Employees may raise concerns, problems or complaints from time to time. They may or may not term these complaints a “grievance”. Whether or not they do, having and following a Grievance Procedure will invariably help deal with the issue.
It is of course best to try and nip problems in the bud before employees resort to a formal complaint. Parties are more likely to reach a resolution before positions become entrenched. ACAS recommend an open policy of consultation and communication with employees in order that minor issues can be sorted before they become major problems.
If however an employee raises a formal grievance, a Grievance Procedure will empower your managers to deal with it with confidence. The normal course would be to meet with the employee to properly understand their complaint, then investigate the complaint (which is likely to involve meeting with other employees about whom the complaint is made or colleagues said to have witnessed incidents) before meeting again to discuss your findings. Employees have the right to be accompanied at grievance meetings. Findings should also be confirmed in writing, with the opportunity to appeal the outcome.
The extent of investigation needed will depend on the size and resources of the organisation as well as the nature of the complaint. Notes should be taken of any meetings, with meeting participants ideally confirming their content. Documents or other evidence (such as CCTV) might also need to be considered.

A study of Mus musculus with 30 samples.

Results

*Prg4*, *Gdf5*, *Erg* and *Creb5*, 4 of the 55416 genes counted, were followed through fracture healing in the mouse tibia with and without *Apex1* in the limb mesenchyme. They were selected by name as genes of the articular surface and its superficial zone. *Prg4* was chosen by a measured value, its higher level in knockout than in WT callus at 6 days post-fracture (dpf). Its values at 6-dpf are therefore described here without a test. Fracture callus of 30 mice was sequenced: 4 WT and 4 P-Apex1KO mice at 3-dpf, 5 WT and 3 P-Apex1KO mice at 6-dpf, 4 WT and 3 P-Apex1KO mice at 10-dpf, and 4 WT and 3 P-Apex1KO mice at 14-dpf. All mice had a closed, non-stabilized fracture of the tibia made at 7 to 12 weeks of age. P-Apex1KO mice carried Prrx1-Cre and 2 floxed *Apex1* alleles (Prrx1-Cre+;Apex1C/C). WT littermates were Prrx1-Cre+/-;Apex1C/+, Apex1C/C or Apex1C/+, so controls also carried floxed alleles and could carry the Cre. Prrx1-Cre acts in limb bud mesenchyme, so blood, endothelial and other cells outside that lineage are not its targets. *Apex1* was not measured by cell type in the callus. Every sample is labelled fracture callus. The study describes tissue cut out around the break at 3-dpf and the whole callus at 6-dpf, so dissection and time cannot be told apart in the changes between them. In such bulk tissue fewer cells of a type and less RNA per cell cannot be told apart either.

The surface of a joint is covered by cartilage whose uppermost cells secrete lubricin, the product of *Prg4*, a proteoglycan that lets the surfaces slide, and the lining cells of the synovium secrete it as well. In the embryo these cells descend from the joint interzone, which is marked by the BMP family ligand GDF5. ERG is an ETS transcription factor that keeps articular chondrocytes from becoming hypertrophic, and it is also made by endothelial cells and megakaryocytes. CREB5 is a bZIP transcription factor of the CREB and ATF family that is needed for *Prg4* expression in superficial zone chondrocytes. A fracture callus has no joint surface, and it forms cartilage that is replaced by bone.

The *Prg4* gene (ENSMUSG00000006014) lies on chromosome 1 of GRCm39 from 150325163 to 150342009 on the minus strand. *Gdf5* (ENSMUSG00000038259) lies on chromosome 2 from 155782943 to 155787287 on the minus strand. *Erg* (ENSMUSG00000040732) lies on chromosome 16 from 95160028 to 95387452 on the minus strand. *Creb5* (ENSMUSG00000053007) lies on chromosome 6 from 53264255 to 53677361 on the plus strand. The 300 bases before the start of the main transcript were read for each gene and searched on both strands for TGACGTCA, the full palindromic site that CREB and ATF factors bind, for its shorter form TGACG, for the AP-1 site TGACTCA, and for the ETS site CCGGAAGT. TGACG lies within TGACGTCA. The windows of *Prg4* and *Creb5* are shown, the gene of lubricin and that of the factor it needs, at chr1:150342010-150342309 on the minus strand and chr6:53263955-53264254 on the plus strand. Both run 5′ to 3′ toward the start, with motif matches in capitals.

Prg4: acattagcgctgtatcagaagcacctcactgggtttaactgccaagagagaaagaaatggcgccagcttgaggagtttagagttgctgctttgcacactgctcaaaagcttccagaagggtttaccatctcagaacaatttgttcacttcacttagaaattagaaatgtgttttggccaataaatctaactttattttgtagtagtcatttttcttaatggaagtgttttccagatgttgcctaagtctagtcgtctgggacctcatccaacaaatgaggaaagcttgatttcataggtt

The outcome of a Grievance Procedure could be disciplinary action for an employee who is the subject of a complaint. It might also however be tempting to discipline an employee for bringing what is considered to be a malicious complaint without substance. Tread carefully before so doing, as you might fall foul of legislation on Victimisation and Whistleblowing.
We can help with
- Drafting Grievance Procedures
- Investigating a grievance
- Where an employee appeals a grievance outcome
- Tribunal claims arising from a grievance
Contact Louise Taft on 020 7935 3522 or email@example.com if you have any questions about a staff grievance.
Whatever your personal circumstances the above is only a guide and we would advise you to contact us to obtain definitive advice as you will appreciate that each person’s circumstances are unique to them.